Oral Tracey | Dave Cameron didn't invent T20 cricket
The decision by senior West Indies players Darren Bravo, Sunil Narine, Kieron Pollard, and Andre Russell to declare themselves unavailable for the crucial qualifying tournament for the 2019 ICC World Cup coming up in March, once again highlights the single most fundamental factor that continues to cripple West Indies cricket.
The fact that the region's top stars are no longer committed to the West Indies cause is just the harsh and bitter reality of our time, that Cricket West Indies Board President Dave Cameron cannot remedy with the waving of a magic wand. The fashionable, now cliched blaming of the administration and its president for the demise of the regional team has become nauseating and sterile.
What exactly can the board president do if the senior core of players, for reasons beyond his control, are no longer desirous of representing the Windies? Absolutely nothing!
Cameron, love him or hate him, did not invent Twenty20 (T20) cricket, and he most certainly did not orchestrate its revolutionary effect on the modern game. Cameron did not plot and implement the worldwide decline in the interest in Test match cricket, and the converse rise in the popularity, impact and appeal of T20 cricket.
Rife with nostalgia
A lot of the commentary and analyses relating to the fortunes of the game in the region are rife with nostalgia, emotionalism and narrow self-interest. There is an underlying denial of the glaring reality of what is actually happening to our beloved Windies.
The undeniable fact of the matter is that the game of cricket has evolved, and continues to evolve at a rapid rate, which is rendering traditional Test cricket irrelevant and unappealing. The uniqueness of the Caribbean circumstances has struck down Test cricket in the West Indies at an even more rapid rate than in the rest of the world.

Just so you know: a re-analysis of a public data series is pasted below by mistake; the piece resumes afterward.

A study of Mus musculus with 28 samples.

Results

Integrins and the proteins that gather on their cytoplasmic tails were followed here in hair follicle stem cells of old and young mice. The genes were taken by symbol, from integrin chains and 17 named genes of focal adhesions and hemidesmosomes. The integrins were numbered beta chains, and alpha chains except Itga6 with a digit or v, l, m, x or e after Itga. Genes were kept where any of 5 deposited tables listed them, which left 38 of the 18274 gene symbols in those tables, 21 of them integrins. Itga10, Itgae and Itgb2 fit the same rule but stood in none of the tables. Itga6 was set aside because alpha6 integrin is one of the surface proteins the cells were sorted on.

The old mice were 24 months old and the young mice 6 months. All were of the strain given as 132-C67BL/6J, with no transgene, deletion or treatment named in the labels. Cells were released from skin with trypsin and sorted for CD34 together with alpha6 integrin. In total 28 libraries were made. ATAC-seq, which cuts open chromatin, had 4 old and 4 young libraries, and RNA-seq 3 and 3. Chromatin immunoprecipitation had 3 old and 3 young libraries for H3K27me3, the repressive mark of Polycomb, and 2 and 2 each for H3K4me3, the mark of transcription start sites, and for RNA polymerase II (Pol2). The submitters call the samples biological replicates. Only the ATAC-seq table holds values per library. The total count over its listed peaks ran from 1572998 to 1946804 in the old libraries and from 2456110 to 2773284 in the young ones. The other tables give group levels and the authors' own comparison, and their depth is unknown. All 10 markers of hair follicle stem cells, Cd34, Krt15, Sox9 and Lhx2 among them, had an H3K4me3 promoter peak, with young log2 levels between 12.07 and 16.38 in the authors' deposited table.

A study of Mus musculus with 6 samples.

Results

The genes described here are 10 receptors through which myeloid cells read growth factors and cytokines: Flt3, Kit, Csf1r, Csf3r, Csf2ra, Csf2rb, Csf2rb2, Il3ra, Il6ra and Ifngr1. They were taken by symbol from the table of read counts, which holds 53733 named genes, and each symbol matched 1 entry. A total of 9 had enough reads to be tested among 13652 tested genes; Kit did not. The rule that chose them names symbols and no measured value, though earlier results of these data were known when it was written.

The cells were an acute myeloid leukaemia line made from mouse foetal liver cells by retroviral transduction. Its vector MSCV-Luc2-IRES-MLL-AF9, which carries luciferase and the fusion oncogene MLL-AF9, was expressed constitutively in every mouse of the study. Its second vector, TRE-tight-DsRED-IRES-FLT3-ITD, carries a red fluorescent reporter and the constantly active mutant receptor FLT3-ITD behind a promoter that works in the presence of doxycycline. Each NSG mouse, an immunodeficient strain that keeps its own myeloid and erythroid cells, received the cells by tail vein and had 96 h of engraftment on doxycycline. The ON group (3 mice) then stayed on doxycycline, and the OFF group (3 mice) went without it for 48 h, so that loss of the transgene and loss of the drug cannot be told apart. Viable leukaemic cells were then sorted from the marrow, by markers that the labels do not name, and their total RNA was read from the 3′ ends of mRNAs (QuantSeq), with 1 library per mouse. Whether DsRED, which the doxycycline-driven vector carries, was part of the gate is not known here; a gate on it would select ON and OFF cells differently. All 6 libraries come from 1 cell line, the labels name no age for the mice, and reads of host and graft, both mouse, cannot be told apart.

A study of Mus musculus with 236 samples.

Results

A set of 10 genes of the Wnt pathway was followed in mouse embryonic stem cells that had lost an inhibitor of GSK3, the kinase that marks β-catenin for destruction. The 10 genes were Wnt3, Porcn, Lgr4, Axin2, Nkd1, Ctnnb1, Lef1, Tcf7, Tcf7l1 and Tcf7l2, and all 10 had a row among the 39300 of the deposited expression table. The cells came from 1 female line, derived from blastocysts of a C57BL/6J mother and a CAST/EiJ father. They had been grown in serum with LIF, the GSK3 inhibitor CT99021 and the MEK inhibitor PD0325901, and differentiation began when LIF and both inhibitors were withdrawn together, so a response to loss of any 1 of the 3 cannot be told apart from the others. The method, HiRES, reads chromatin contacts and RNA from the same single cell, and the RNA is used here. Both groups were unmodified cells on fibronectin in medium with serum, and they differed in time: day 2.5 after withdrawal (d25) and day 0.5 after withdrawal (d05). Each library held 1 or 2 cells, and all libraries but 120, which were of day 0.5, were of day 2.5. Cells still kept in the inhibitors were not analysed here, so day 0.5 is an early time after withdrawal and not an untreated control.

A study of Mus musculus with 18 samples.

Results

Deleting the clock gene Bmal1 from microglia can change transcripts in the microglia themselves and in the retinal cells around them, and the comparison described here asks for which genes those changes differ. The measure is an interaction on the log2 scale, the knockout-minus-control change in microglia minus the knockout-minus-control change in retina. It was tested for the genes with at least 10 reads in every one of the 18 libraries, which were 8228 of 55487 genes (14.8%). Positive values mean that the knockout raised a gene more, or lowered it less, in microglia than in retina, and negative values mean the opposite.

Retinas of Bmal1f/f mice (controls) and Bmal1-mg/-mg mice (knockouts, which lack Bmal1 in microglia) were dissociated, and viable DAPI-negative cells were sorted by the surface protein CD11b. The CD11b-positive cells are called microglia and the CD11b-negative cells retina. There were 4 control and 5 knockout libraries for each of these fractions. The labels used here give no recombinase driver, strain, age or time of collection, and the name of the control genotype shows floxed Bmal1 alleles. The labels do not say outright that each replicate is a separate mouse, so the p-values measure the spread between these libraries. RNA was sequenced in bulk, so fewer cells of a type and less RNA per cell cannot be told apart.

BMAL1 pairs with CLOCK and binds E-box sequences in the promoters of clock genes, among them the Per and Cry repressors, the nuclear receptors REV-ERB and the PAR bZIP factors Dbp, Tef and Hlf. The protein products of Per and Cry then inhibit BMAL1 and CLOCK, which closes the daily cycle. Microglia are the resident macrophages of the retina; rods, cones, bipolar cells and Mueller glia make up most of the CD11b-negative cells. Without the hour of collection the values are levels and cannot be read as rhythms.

Our top players are now T20 superstars, and not Test cricket stars. Our top stars make millions of American dollars playing franchise T20 cricket all over the world and thus have no need, and absolutely no obligation, to represent the West Indies. Those are just the facts as they exist today.
The players who currently represent the region in Test cricket are the second tier in terms of talent and status in the world game. They are, by and large, the ones who are yet to, or cannot, break into the lucrative T20 market.
It is a matter of simple economics. It is unreasonable, foolhardy and indeed hypocritical to expect the typical Caribbean youngster, who came from humble beginnings, to give up earning upwards of US$200,000 (J$25 million) for playing a series of seven or eight three-hour-long T20 games, and chose instead to play a series of three Test matches, each lasting five gruelling, seven-hour days to earn US$20,000 or more.
That is a simple and predictable choice to make in the life of any sportsman with a limited and uncertain time span on his career. The blame therefore cannot be heaped on the players for making the understandable choice that all of us would probably make. Equally, Cricket West Indies and its president cannot be blamed for this worldwide phenomenon.
We need to revamp our thinking, return from our trip down memory lane, and face up to the reality of what is happening to West Indies cricket. It is what it is. The evolution process is well advanced and is out of our control as market forces lead the way. The International Cricket Council will sooner or later get exhausted and overwhelmed by the sheer power of the T20 surge, even as it tries to keep its fingers plugged in the cracks of the bursting dam.
Similarly, West Indians dreaming of the past, and of turning that endless corner, will not get our cricket back to where it was - neither will blaming the board and Cameron.